Movie Reviews

[REVIEW] Soderbergh’s “Contagion” elevated by intelligent writing and A-list cast.


Dr. Ellis Cheever (Laurence Fishburne) of the Center for Disease Control hires epidemiologist Erin Mears (Kate Winslet) to begin formulating a plan of action for the outbreak.  The World Health Organization also sends their own specialist, Dr. Leonora Orantes (Marion Cotillard) to trace the origins of the virus.  A sleazy internet journalist (Jude Law) uses his blog to spread panic and mistrust in order to gain notoriety for himself.  And Beth’s husband Mitch (Matt Damon), who appears to be immune to the disease, struggles to hold the rest of his family together.

These are just a few of the plot threads that Contagion expertly weaves into a much larger chronicle, held together by an almost absurdly talented cast.  As the audience becomes familiar with the characters and their motivations, the complexity of each individual storyline is slowly revealed, and the subtle ways in which each action affects another facet of the narrative never seem too implausible.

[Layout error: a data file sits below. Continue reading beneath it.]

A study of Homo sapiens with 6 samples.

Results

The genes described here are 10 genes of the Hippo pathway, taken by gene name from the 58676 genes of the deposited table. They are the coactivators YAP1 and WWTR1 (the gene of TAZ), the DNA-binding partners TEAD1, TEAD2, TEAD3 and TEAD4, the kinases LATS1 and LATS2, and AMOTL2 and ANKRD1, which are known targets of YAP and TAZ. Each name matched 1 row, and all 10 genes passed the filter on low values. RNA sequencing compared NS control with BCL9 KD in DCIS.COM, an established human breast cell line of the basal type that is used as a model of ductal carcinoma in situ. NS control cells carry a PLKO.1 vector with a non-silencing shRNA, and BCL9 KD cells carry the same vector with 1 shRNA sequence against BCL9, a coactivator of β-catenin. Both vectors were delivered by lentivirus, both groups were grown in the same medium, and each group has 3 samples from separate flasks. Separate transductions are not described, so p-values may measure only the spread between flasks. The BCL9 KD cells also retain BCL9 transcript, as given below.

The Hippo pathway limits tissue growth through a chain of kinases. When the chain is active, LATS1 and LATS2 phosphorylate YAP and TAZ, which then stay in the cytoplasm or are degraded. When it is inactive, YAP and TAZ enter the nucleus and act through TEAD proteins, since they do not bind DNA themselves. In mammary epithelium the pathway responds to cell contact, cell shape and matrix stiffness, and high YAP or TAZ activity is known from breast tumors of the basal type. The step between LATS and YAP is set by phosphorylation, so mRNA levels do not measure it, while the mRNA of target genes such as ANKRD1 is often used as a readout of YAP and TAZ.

A film such as this will almost certainly draw comparisons to films like Outbreak, Blindness, or even 28 Days Later, but Contagion manages to separate itself from the rest of the pack thanks to Soderbergh, who elicits top-notch performances from his cast and brings a very slick aesthetic to a film with such bleak subject matter.  There’s not a single bit of wasted footage or throw-away dialogue here, and the score by Cliff Martinez keeps the tension building at a rapid pace.

While I would hesitate to classify Contagion as a thriller, it does feature a healthy dose of mystery and suspense, as well as some light social commentary on the propensity of the human race to revert to a violent, primitive state during times of crisis.  Soderbergh manages to balance all of these elements, and the result is a thoroughly enjoyable (albeit somewhat dreary) experience.